Marked by Destiny(3)By: Lisa Cardiff
For most mortals, the legend of the Tuatha Dé and their Four Treasures is nothing more than a fanciful fairytale to be told to their children. For others, the threat of the Tuatha Dé and the lure of the power of the Four Treasures are very real, and there are those among them that will stop at nothing to harness that power.
Avery Conner searched the crowded grand hall of the Irish American Historical Society for her best friend, Grace. Self-conscious of her shapeless, black cocktail dress and her disheveled hair, she walked through the room nodding and smiling at people she recognized, but she refused to make eye contact, hoping to avoid being drawn into conversation with anyone.
Artists, scholars, and socialites in cocktail attire filled the hall with vivid swirls of color. Music from a string quartet floated through the air as waiters clad in black and white muddled through the crowd with champagne and hors d'oeuvres on silver platters. The sweet smell of roses wafted through the air from the large white floral arrangements decorating the tables.
Despite the size of the hall, the décor had been selected to create an atmosphere of comfortable sophistication. Overstuffed, regency inspired sofas and cream wing chairs were grouped around the perimeter of the room, and polished silver sconces cast a warm glow over herringbone oak floors. Velvet fabric draped the opening to the exhibit gallery on the far right of the hall, and a wood paneled bar with a glowing onyx counter stretched half the length of the back of the room.
The hall was too crowded, making her feel claustrophobic, and Avery was about to turn around and look at the exhibits again when she spotted Grace walking toward her. “Grace, I really have to go. My plane leaves in three and half hours,” Avery pleaded.
Grace and Avery had arrived at the party not less than forty-five minutes ago, and Avery was already pushing to leave. Grace looked annoyed, probably because Avery had abandoned her immediately when they arrived to look at the exhibits rather than make social rounds with her. Avery realized she managed to exacerbate Grace’s frustration by demanding to leave. She didn’t know why Grace forced her to attend these types of functions when Avery repeatedly refused to make any effort to be part of the society scene that Grace loved.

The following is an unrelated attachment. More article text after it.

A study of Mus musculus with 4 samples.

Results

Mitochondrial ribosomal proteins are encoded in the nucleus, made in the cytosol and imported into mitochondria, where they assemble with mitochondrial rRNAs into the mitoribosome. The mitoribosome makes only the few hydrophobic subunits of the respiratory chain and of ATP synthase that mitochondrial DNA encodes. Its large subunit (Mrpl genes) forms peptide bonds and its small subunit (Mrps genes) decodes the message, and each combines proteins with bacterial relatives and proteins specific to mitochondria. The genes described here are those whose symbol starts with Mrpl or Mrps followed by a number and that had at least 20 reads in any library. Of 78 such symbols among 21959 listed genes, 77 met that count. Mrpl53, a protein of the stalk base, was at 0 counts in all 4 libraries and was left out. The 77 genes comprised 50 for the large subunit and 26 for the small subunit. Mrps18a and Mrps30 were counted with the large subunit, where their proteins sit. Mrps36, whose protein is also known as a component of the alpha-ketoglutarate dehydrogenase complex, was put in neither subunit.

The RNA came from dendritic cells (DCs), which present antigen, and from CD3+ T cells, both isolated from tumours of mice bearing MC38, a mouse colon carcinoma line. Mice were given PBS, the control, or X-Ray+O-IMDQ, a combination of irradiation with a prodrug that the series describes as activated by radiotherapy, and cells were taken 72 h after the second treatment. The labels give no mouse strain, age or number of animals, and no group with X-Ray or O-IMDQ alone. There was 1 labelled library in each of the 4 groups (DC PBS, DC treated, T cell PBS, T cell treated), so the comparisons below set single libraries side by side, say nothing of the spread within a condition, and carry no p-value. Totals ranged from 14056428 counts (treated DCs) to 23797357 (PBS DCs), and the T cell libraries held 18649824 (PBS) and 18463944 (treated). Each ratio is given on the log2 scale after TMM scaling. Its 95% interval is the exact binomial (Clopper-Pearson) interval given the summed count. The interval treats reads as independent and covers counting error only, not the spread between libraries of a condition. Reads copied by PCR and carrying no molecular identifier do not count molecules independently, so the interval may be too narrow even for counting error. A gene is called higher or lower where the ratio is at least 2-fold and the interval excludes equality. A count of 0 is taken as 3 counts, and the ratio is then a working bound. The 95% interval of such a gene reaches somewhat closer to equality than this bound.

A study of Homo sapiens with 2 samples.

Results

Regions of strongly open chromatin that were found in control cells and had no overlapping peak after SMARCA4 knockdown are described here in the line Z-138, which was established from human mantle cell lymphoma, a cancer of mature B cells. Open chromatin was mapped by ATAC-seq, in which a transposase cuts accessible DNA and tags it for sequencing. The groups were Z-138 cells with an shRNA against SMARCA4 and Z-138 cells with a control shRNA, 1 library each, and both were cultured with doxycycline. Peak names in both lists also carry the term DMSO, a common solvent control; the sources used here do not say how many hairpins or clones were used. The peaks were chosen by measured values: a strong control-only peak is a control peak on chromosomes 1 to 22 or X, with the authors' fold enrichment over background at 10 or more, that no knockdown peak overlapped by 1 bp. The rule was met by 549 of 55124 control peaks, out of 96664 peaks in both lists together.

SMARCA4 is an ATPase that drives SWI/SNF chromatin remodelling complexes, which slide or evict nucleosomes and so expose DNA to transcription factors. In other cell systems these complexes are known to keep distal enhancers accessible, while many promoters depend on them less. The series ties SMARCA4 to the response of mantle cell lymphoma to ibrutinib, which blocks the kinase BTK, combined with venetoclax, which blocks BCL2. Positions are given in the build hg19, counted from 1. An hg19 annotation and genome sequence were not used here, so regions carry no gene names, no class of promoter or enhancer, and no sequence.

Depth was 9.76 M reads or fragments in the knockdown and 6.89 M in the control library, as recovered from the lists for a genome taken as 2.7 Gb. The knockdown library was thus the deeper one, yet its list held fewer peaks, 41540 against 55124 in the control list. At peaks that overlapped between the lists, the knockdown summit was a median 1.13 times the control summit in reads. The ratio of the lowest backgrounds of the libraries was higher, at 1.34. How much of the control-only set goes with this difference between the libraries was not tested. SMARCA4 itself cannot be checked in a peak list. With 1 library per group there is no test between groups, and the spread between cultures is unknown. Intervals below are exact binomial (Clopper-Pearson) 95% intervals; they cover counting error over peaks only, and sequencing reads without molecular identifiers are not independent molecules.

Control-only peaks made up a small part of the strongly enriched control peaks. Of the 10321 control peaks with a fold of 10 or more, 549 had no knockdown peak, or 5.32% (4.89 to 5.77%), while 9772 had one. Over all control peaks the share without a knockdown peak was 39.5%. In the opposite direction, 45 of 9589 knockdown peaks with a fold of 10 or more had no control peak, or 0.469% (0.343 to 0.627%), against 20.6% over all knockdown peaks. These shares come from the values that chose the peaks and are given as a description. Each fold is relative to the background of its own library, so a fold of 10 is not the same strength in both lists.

Grace thought Avery never grasped that these events were about more than work, but she was wrong. Avery unquestionably understood they were a place to see and be seen, but Grace failed to realize that Avery intentionally left before she was seen.
Avery felt Grace’s judging stare crawling up and down her clothing. She cringed, hoping Grace would forego her standard critique of her appearance. Determined to ignore Grace’s perusal, she grabbed a glass of champagne from a passing waiter and pasted a smile on her face.
Grace let out a pained sigh, and then a look of resignation crossed her face. “Seriously? You’re already packed. There won’t be any traffic at this time of night, and I promise you’ll make it to the airport with plenty of time to spare. Just relax and enjoy this event before you’re stuck sitting by Dierdre’s deathbed for the next few weeks.”
Doubt flashed across Avery’s face, and then she visibly paled. Nausea rolled in her stomach, making her want to abandon her plans to visit her mother. What if she couldn’t control her anger? What if her mother refused to answer her questions yet again? What if she were too late to see her? Mentally exhausted from torturing herself for five straight days, she just wanted the trip to be over and get back to her life, but she couldn’t shake the feeling once her plane touched down in Ireland, nothing would ever be the same.
Taking a deep breath to clear her head of the persistent haze of panic that had been eating at her for days, she grabbed Grace’s hand. “Thanks. I know you’re just trying to help.”
A smile flickered at the edge of Grace’s mouth. “You know, I forced you to come tonight so you would have something to think about besides this trip. Being your oldest and, I hope, dearest friend, I knew if you sat at home waiting for me to pick you up, you would lose your nerve and cancel your plans. I’m not going to let you do that. You can’t let your relationship with Dierdre define the rest of your life. You need closure.”